Boat Attack starts off with plenty of scalers engaged by the menu scene, which was stabilized before the capture was done. In this example, the temperature rises quickly and the device goes into throttling.
Adaptive Performance tries to stabilize the situation and reduce effects on the GPU, as this is clearly the bottleneck. The shadow scalers thereby reduce quality rapidly – but because that’s not enough, both the view distance and resolution decrease as well. The frame rate then stabilizes and the temperature drops. The game is rescued from throttling and its frame rate raises to 60 fps.
Layer culling scaler
With the layer culling scaler, you can dynamically adjust layer cull distances at runtime.
This feature uses the indexer system to make certain decisions, like when and how much to increase or decrease layer cull distances for optimal performance and thermal stability.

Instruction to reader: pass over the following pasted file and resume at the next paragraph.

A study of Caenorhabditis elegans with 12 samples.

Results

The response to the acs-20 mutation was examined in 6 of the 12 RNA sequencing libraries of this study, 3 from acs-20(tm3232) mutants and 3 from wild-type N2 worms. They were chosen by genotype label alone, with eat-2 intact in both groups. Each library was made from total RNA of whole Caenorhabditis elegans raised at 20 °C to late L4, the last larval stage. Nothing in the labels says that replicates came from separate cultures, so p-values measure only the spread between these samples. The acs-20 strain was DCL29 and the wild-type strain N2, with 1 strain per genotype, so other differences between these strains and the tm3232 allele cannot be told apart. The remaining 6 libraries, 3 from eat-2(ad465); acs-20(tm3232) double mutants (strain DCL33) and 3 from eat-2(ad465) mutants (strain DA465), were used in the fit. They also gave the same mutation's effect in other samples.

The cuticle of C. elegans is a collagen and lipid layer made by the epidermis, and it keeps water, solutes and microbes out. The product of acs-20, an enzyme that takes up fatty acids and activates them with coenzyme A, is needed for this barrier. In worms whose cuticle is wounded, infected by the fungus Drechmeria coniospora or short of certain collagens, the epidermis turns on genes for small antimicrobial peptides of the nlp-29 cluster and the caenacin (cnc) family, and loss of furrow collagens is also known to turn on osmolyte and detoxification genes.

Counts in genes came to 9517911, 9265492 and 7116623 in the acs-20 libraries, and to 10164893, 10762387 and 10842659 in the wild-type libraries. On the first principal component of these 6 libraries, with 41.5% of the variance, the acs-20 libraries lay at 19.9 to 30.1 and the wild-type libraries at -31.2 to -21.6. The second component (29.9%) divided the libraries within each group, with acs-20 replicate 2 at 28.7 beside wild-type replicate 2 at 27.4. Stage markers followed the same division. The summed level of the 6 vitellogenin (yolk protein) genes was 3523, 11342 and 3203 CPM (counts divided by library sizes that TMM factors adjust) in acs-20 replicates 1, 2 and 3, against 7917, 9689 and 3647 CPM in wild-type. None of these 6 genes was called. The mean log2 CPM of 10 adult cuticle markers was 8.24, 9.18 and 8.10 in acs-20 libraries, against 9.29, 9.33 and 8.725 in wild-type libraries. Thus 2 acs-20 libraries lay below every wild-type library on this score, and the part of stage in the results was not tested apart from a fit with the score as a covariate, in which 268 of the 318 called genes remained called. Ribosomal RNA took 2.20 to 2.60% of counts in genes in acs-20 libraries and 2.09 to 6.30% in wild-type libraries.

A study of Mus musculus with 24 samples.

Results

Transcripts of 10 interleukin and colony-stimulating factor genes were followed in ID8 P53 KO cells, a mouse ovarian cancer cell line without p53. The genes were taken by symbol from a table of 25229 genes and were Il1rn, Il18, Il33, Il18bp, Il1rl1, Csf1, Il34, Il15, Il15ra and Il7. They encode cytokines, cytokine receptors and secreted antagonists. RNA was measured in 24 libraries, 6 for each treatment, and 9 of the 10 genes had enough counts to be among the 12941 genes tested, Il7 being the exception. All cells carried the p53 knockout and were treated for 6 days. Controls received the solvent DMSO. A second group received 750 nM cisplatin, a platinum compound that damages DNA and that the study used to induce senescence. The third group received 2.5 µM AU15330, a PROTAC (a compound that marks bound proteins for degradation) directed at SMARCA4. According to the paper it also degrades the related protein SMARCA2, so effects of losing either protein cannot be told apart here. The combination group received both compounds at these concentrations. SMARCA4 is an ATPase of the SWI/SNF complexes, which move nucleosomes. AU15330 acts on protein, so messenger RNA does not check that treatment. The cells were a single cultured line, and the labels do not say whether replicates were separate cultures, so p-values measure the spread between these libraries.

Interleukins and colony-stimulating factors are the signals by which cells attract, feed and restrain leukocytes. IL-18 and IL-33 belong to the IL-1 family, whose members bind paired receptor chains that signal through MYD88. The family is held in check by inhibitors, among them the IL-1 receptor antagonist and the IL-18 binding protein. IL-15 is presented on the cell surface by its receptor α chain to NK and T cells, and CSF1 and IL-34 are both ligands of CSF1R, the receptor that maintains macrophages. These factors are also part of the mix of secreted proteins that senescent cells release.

The sample we ship with Adaptive Performance loops in medium CPU load until it reaches critical frame rates and then decreases the cull distance of layers. The result of this is that the cull distance for layers changes depending on the CPU and GPU load.
You can set a different value for the culling distance of each layer so that they scale proportionally. This helps you determine which objects to cull earlier to save performance. For details on how to do this, see the following code sample.
Adaptive decals target visual effects. In Amazing Adventures of Dr. Arm, there is a boss fight scenario that uses many particles and decal projectors. When the mobile device gets hot and throttling is imminent (or already occurring), the number of particles emitted scales down. In this case, less visually important emitters, things like the leaves blowing in the wind, tiny sparks, and other such elements, turn off completely. The scaler also reduces decal distances.